AIMS OF COURSE:
- become familiar with Lewis’ theology and his impact on modern Christianity
- use the Lewis’ fiction and non-fiction writings as a window to illuminate Christian doctrine
- understand the unique religious, intellectual, biographical, historical, and mystical currents in Lewis’ writings
Required reading--all by C.S. Lewis
The Great Divorce
A Grief Observed
That Hideous Strength
The Last Battle
Til We Have Faces
Surprised by Joy (autobiography)
Reflections on the Psalms, chapts. 2 & 3 (“Judgment” and “The Cursings”)
The Discarded Image
A.N. Wilson, C.S. Lewis: A Biography
Gilbert Meilaender, The Taste for the Other: The Social and Ethical Thought of C.S. Lewis
Apuleius, the “Cupid & Psyche” chapter in The Golden Ass
Boethius, The Consolation of Philosophy, any translation
Will Vaus, Mere Theology. A guide to the Thought of C.S. Lewis
Walter Hooper, C.S. Lewis. A Complete Guide to His Life and Works.
Reading: Because the course is so compressed and designed around conversations on the readings, students are expected to read assigned texts prior to the course.
Attendance: It is assumed that students have much information and experience to share; they are therefore expected to be present in class and participate actively in discussions, in an atmosphere of a shared pursuit of understanding.
One four-page book review also to be presented in class of a substantial secondary work on Lewis (due by the final day of the course). Presentations will be scheduled the first day of class.
One twenty-page paper related to Lewis’ life, theology, writing or historical context due by August 15, 2008. Final papers submitted by Ph.D. candidates should be of a quality suitable for publication, written with submission to a scholarly journal in mind.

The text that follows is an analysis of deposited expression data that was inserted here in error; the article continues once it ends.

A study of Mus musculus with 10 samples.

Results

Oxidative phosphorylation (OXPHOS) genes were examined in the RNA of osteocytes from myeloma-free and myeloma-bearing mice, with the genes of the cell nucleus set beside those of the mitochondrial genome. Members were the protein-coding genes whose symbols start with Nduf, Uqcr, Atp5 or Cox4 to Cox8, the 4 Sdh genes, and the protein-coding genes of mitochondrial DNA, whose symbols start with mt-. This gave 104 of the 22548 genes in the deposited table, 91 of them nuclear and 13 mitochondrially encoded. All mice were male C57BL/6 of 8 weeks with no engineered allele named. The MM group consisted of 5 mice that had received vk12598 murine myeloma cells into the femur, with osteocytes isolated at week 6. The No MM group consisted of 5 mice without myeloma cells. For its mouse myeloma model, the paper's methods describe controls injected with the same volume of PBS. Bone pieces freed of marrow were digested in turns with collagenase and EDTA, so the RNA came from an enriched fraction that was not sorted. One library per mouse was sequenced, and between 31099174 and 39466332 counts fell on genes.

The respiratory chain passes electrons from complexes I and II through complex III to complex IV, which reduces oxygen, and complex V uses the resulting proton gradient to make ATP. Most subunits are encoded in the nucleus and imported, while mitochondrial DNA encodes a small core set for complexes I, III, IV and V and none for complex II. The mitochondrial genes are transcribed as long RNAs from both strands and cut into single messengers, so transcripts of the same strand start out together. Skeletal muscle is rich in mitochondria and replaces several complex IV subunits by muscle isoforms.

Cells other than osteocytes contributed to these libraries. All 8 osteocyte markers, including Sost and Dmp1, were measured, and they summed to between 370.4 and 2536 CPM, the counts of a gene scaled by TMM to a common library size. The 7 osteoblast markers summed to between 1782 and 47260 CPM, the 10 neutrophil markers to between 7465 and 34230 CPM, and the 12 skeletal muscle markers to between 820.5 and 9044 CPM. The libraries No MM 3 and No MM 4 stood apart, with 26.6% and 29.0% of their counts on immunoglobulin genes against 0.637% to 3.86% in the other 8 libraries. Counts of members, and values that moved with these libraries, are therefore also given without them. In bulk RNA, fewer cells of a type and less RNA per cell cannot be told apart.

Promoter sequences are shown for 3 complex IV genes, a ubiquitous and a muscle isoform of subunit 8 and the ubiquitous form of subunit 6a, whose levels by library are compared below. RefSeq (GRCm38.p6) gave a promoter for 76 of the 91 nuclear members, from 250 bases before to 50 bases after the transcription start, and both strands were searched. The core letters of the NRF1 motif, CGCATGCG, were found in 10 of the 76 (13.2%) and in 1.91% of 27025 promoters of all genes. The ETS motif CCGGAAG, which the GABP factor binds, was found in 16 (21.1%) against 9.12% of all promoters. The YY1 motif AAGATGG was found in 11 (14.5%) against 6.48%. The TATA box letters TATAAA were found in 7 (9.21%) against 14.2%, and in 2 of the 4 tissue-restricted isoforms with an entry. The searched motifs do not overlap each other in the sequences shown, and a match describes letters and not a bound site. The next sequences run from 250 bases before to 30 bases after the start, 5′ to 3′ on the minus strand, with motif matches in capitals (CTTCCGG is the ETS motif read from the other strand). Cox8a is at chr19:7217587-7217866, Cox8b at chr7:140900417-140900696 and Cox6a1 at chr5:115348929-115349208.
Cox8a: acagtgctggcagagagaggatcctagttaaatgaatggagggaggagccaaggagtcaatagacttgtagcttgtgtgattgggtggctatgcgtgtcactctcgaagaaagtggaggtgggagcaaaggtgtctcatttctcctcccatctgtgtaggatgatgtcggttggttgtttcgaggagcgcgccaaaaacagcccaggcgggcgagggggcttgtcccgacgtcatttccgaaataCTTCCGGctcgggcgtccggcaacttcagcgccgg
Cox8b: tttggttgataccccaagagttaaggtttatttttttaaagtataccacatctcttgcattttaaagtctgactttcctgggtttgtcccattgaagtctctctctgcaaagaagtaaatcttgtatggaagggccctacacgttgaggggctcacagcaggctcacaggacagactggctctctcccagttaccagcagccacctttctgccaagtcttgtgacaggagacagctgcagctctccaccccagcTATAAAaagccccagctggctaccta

Ph.D. candidates will also be required to submit book notes on each of the required texts.
Students are encouraged to consult the Seminary’s on-line writing resources and should follow the General Guidelines for a Research Paper available in the student resources section of www.hartsem.edu. Papers may be submitted electronically in either MS Word or AdobeAcrobat formats to email@example.com or firstname.lastname@example.org, however, instructors will not be responsible for formatting errors in papers delivered electronically. Papers submitted after the deadline or containing numerous grammatical and stylistic errors will be marked down. Students should refrain from over-reliance on internet-based resources; minimal web references will be permissible in the paper’s bibliography. (Please refrain from citing Wikipedia.)
Course grades will reflect attendance and class participation, successful completion of assignments and demonstrated comprehension of and engagement with the required readings. Grades will be allocated according to the following point scale:
Final paper - 40
Book review - 10
Presentation - 10
Class attendance and participation - 40
Total points 100
C (50-70 pts) = students meet expectations through 1) daily attendance in class sessions having read the assigned material, 2) demonstration of comprehension of texts through participation in class discussions, 3) on-time submission of writing assignments that are well-reasoned and clear.
B (70-85 pts) = students moderately exceed expectations through 1) daily attendance in class sessions having read the assigned material as well as some additional recommended texts, 2) demonstration of comprehension of texts through participation in class discussions, 3) on-time submission of writing assignments that are well-reasoned, clear and exhibit originality of thought.
A (85-100 pts) = students highly exceed expectations through 1) daily attendance in class sessions having read the assigned material as well as many of the additional recommended texts, 2) demonstration of comprehension of texts through active participation in class discussions, 3) on-time submission of writing assignments that are well-reasoned, clearly and cogently written, exhibit originality of thought, and research methods of high quality.